Honoring Three Courageous Journalists -- James Foley, Steven Sotloff and Austin Tice

Last year, the United States and the rest of the world was shocked by the videos of the barbaric beheadings of American journalists James Foley and Steven Sotloff by ISIS.

On Friday, August 28th, the American Society of Journalists will be honoring Foley, Sotloff and Austin Tice, a journalist who has been missing since 2012, with its Conscience in Media Award at its writers conference, A Capital Event, at the National Press Club in Washington, D.C.

The rarely given ASJA award honors those who have "demonstrated singular commitment to the highest principles of journalism at notable cost or sacrifice."

Foley, Sotloff and Tice exemplify the bravery and courage of journalists who personally risk their lives by covering wars and conflict in dangerous areas of the world.

James Foley was a freelance photojournalist who reported from Afghanistan, Libya and Syria for GlobalPost, Agence France-Presse and other news outlets. The 41-year-old Foley graduated from Marquette University and earned a master's degree from Northwestern's Medill School of Journalism. It was reported that Foley showed bravery by giving up an escape attempt so as to not abandon a friend and fellow hostage. His family established the James W. Foley Legacy Foundation, which advocates for support of hostages, conflict reporting, and youth education.

Steven Sotloff disappeared in August 2013 while reporting from Syria. He grew up in South Florida and majored in Journalism at the University of Central Florida. The 31-year-old freelance journalist covered the Middle East extensively and wrote for many publications, including Time, Foreign Policy, World Affairs, and the Christian Science Monitor. Central Florida and Sotloff's parents established the Steven Sotloff Memorial Endowed Fund, which will provide scholarships to UCF journalism majors and funding for Journalism symposia, lectures, and other Journalism programs.

In addition, Sotloff's family established the 2Lives Foundation, which creates endowed scholarships for students seeking a career in journalism. During his captivity, he managed to smuggle out two letters to his parents, Arthur and Shirley, one of which said in part: "Everyone has two lives. The second one begins when you realize that you only have one."

President Obama said last year, "Like Jim Foley before him, Steve's life stood in sharp contrast to those who murdered him so brutally. They make the absurd claim that they kill in the name of religion, but it was Steven, his friends say, who deeply loved the Islamic world. His killers try to claim that they defend the oppressed, but it was Steven who traveled across the Middle East risking his life to tell the story of Muslim men and women demanding justice and dignity."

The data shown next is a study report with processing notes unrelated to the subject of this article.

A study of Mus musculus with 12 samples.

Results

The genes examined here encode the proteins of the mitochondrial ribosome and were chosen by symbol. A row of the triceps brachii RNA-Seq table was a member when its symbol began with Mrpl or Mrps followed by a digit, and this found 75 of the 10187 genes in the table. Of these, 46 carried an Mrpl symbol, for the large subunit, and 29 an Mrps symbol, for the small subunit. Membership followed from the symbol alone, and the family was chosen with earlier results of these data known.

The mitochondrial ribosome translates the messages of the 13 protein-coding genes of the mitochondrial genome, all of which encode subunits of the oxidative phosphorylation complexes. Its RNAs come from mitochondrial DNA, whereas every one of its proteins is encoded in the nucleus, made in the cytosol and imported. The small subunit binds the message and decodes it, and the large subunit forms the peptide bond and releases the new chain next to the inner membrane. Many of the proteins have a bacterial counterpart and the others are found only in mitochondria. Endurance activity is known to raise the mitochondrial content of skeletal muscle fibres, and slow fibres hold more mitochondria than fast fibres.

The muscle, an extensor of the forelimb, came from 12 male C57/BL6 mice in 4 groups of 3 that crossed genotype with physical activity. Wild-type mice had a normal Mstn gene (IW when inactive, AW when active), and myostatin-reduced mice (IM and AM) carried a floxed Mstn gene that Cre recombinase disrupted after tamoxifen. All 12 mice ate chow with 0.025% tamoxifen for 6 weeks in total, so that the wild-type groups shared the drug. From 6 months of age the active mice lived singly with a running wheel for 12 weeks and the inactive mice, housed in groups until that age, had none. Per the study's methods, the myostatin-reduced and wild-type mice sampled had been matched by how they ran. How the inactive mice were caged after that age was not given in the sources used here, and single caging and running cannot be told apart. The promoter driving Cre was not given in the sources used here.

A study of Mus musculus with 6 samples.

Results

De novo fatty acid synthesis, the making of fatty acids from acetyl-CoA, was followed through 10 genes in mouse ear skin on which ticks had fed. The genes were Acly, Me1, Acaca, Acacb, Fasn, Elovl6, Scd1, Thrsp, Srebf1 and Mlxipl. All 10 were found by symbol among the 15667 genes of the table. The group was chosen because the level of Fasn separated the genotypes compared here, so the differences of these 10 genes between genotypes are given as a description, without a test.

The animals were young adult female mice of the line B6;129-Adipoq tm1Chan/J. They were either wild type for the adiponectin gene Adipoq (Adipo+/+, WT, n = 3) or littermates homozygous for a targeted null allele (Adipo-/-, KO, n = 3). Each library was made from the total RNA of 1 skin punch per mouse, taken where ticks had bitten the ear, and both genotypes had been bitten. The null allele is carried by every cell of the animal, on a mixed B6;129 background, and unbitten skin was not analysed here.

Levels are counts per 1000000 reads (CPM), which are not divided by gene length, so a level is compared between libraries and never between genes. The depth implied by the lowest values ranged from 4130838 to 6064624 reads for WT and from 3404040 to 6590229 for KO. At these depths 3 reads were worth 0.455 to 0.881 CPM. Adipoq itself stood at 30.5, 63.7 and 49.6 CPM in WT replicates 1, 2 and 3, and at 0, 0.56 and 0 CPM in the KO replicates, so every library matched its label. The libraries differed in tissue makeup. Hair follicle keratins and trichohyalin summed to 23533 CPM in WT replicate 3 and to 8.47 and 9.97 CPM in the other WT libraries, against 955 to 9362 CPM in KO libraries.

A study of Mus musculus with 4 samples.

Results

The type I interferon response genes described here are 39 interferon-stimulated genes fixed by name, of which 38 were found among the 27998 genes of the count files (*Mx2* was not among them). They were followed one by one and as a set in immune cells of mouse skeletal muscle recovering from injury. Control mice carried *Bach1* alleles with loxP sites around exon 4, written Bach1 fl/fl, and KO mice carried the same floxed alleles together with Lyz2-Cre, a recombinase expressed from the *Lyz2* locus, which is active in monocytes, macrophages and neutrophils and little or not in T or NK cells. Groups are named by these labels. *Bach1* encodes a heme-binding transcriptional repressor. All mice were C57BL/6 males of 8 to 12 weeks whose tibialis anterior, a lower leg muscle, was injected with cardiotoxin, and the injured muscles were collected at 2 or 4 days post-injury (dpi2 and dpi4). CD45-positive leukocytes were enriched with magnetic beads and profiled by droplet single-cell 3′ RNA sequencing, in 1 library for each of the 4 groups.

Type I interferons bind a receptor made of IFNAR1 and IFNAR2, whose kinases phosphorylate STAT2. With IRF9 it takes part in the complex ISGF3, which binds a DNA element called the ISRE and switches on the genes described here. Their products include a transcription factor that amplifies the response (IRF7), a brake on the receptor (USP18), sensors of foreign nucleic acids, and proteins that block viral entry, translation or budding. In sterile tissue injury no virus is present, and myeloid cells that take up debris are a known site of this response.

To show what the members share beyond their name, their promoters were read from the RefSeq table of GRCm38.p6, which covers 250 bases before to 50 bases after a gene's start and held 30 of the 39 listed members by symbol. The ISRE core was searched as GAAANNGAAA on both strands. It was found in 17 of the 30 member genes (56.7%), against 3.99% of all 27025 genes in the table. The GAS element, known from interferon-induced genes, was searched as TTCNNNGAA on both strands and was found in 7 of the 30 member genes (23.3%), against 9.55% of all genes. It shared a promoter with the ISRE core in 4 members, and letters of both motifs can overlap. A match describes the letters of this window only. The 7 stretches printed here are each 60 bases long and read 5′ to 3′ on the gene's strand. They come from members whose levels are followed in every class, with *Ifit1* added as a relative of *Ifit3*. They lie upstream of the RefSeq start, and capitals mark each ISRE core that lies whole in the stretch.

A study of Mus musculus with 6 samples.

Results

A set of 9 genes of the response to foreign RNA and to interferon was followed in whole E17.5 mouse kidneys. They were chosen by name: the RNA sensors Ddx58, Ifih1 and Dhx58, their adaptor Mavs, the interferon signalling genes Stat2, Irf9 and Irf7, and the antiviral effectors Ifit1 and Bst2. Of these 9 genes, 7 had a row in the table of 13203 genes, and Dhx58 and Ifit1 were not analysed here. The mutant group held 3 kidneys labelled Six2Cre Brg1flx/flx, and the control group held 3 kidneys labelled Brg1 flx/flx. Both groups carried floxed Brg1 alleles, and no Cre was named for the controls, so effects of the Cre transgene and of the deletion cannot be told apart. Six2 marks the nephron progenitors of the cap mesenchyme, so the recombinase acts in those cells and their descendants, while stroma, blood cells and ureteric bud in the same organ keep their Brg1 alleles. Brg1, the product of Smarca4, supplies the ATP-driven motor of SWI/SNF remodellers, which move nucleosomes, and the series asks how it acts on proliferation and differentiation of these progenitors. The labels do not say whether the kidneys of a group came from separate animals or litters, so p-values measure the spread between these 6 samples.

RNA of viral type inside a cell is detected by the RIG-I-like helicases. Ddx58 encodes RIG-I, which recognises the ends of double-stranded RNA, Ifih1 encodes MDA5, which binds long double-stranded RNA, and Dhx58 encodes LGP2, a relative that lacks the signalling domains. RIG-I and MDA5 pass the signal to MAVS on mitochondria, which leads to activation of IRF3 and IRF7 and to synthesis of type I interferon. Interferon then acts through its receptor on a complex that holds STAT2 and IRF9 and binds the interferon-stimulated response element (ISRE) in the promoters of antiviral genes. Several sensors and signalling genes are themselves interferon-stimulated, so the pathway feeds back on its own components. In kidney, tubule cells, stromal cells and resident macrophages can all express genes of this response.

Sotloff's death brought the number of journalists killed by ISIS to over 70 at the time, with over 80 being kidnapped in Syria as well.

The crisis continues today, as 34-year-old freelance journalist and former U.S. Marine Austin Tice, who was reporting in Syria, has been missing since August 2012 and his whereabouts are currently unknown. Tice interrupted his studies at Georgetown University Law Center to write about the rebels opposed to the Syrian government, publishing articles for the Washington Post, McClatchy News Service and other publications.

The American Society of Journalists and Authors strongly condemns and is outraged at the disturbing practice of kidnapping and killing foreign journalists. It also strives to honor journalists like Foley, Sotloff and Tice, who risk their lives to cover important stories in war-torn areas. Founded in 1948, ASJA is the nation's professional organization of independent nonfiction writers. Its membership consists of more than 1,200 outstanding freelance writers. Like journalists affiliated with a sole media organization, freelance writers face threats of violence both abroad and at home, but they often lack the institutional support that staff journalists have.

The ASJA Conscience in Media award was first presented in 1975, but has only been awarded 11 times due to its high criteria. According to ASJA, the writer must knowingly have taken a risk that goes beyond the normal call of duty. Past recipients include I.F. Stone, Don Bolles, Donald Woods, Jacobo Timmerman, Erwin Knell, Paulette Cooper, Richard Behar, Jerald F. terHorst, Anna Rosmus, and Jonathan Kozol.

ASJA believes that recognizing Foley, Sotloff, and Tice honors the courage of these writers and their commitment to reporting excellence in the face of personal risk.

"Killing of journalists is the ultimate form of censorship... If there is no immediate and serious response by the government, journalists feel threatened and self-censor," Sherif Mansour, the Committee To Protect Journalists Middle East and North Africa Program Coordinator, wrote in a recent report on the state of Iraqi journalists in Kurdistan. "For every journalist killed or imprisoned, dozens more are silenced."